TQC Favorites of 2012: Erica Mena

Here are the 5 picks from TQC Poetry Editor Erica Mena.

1. The Keep by Emily Wilson
This book demands to be consumed slowly, word by word. Each poem a dense wordscape that must be read and reread, immersed in and languished over. Its rich and lush and slow. Luxurious.

2. Voyager by Srikanth Reddy
An immense work. Haunting, lyric, and perhaps the most successful erasure I’ve ever read. The three erasures construct three different takes on the horrors and strangeness of the twentieth century. The third, the bulk of the book, moves the fastest for me and is the most narrative, telling a surreal story embedded in the nightmare-scape of a world confronted with its own capacity for destruction. Still, it avoids the angst and irony so much of contemporary writing turns to to engage with the legacy of violence left for us by the past century of mechanized warfare. And finds a kind of faith despite it all, in the very ability to relinquish faith. Stunning.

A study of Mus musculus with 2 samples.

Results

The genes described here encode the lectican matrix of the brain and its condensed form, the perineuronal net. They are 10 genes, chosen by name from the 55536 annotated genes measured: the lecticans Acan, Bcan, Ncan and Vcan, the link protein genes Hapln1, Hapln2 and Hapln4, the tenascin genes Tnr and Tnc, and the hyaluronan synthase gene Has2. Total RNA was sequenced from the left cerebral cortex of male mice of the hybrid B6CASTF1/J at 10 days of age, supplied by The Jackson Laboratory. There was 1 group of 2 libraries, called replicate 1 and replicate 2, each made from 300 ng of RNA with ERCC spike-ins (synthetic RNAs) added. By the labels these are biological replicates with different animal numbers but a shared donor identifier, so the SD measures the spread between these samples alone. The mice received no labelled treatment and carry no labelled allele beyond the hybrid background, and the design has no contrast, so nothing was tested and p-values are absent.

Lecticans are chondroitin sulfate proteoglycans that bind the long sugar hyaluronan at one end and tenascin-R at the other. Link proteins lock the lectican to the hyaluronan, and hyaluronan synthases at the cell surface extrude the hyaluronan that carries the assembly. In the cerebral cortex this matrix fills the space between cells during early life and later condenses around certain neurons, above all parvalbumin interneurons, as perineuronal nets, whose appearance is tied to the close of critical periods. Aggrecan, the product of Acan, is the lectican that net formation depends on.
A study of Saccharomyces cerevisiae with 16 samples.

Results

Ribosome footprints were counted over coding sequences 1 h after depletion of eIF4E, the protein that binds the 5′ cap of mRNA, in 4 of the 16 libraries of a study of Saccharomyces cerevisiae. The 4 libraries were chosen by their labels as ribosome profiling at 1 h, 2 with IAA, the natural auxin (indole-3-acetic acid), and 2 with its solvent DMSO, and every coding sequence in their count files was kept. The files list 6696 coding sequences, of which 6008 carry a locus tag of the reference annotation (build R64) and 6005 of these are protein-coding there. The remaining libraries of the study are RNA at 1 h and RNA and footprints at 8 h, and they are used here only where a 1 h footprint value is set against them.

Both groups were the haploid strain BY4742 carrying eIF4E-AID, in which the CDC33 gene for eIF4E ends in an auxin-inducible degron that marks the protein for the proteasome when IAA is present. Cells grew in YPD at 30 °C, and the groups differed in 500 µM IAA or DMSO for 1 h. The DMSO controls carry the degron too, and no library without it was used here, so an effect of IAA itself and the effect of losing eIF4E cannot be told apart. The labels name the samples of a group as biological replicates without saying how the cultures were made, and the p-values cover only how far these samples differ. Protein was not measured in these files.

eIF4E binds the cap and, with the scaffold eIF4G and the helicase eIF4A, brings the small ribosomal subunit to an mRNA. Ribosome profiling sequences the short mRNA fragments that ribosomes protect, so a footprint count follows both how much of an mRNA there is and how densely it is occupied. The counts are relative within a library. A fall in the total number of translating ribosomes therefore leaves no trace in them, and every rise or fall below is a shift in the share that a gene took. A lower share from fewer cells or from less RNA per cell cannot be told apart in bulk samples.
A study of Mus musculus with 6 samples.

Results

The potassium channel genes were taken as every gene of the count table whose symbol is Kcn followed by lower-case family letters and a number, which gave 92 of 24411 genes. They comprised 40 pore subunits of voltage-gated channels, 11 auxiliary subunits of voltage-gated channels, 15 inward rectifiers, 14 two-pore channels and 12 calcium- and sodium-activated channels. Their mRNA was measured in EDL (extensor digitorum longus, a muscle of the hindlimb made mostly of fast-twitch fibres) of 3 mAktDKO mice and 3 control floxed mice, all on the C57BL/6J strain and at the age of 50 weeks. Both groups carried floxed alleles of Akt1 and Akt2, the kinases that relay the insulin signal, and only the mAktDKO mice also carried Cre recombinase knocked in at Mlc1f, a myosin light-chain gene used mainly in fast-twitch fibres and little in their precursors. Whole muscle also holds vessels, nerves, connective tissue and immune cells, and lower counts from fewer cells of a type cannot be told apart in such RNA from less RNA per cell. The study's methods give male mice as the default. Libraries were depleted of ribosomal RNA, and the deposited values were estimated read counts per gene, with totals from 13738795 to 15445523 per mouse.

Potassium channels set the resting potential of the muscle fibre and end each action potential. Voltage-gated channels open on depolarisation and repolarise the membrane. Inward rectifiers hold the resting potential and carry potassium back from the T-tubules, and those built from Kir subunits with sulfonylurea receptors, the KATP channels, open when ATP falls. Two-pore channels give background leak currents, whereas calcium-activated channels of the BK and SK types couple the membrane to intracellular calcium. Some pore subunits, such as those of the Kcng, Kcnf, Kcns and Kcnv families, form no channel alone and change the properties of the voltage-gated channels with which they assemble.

3. Unoriginal Genius by Marjorie Perloff
Required reading for anyone engaged in contemporary poetry.

4. I’ll Drown My Book ed. Caroline Bergvall, Laynie Browne, Teresa Carmody, and Vanessa Place
An impressive anthology of conceptual women writers.

5. The Whole of Poetry Is Preposition by Claude Royet-Journoud, translated by Keith Waldrop
Like so many reflections on writing, this is highly personal. We learn about the author through his subject, always, but there is an autobiographic impulse at work here. He writes about his process, his preferences for solidity over surrealism, how italics seem phallic to him, his fear. It’s intimate and revealing in a way that actual autobiography and even memoir can’t be. It’s revealing of detail with chronology. Without plot, which as he says, “is the tissue that separates and realigns four or five character-words” (18). And this seems much more indicative of a living mind to me – the scattered and yet linked thinking about oneself, reflecting on the very act you’re engaged in. In some ways the book is a record of the writing of the book, while insisting that it isn’t: “No manuscript shows any real state of the text in process of becoming.”